The Expansion of the Seminary in the Nineteenth Century

A Historical Tour of Princeton Theological Seminary
By Michael J. Paulus, Jr.

1. Princeton, the College of New Jersey, and the Revolution
2. The Establishment of the Seminary at Princeton
3. The Expansion of the Seminary in the Nineteenth Century
4. The Evolution of the Seminary in the Twentieth Century and Beyond



3. The Expansion of the Seminary in the Nineteenth Century


As the Seminary continued to grow, its activities quickly expanded beyond the spaces that had been provided for them in Alexander Hall. The first needs for additional space were directly related to the twin goals of the Seminary: piety and learning. By 1830, more space was needed for worship and for books and study. The Seminary began seeking funds first for a chapel, and in 1834 Miller Chapel, situated between Alexander House and Alexander Hall, was completed. (The Chapel was moved to its current position in 1933, at which time a chancel and basement were added.)

Lenox Library
Lenox Library


In 1843 James Lenox, a philanthropist and bibliophile from New York City, built for the Seminary one of the first free-standing academic library buildings in America, Lenox Library. Alexander described it as “a beautiful Gothic building, 80 feet by 50, of brown stone … The floors are of marble. The roof is slated. The whole, except the vestibule, is in one room, with a gallery. There are alcoves on two sides of the room.”

Administration Building
Administration Building


Another building was added to the Seminary campus in 1847. Located behind Alexander Hall, this building contained a kitchen, dining room, quarters for the cook, and a hospital room. The building was used later as a dormitory, then as a gymnasium, and in 1945 it was converted into office space and became the Administration Building.

By 1860, the Seminary had run out of boarding options for its students. Isabella Brown, a wealthy widow from Baltimore, had agreed to build a second dormitory. But when the Civil War broke out, Mrs. Brown, whose sympathies were with the South, declined to go forward with the plan. However, when Professor McGill, whom she knew, wrote to her and assured her that "Southern and Northern students were alike privileged and fostered here" and that some of the Southern students "had actually fought in the ranks of the Confederate soldiery" yet were able to walk "unmolested, and without reproach" in the streets and halls of Princeton, her disinclination was reversed, and Brown Hall became the only major building constructed in Princeton during the Civil War. It was completed in 1865.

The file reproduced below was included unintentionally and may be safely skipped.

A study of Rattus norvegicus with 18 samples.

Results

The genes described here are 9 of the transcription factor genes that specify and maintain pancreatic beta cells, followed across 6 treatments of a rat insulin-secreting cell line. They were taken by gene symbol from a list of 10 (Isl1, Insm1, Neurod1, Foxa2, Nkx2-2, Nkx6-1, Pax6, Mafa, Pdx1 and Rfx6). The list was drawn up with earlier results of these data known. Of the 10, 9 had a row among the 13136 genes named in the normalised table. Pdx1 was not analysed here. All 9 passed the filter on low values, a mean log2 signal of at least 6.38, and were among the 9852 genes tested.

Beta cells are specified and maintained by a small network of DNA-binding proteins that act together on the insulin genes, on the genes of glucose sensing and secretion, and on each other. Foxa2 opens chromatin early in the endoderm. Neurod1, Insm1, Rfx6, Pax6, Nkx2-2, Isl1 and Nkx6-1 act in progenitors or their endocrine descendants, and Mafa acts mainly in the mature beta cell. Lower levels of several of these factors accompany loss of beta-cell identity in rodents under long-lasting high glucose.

Stuart Hall
Stuart Hall


Although development of many larger theological seminaries was disrupted by the Civil War, Princeton Seminary continued to grow. More room was needed for classes, and in 1878 Stuart Hall opened to function as the Seminary’s primary lecture hall. The building bears the name of the brothers Robert and Alexander Stuart, wealthy sugar refiners from New York City, who donated funds for the building.

New Lenox Library
New Lenox Library


By this time more room was needed for books, and in 1879 the New Lenox Library, also built by James Lenox, opened behind the Lenox Library. This high Victorian brick building provided more space for study; the older library was used for rare and less frequently used books.

In time, additional housing facilities were needed. In 1893, with funds from a bequest of the widow of Robert Stuart, Hodge Hall was built as a third dormitory for the Seminary. The building was designed so that each room would receive sunlight at some point during the day.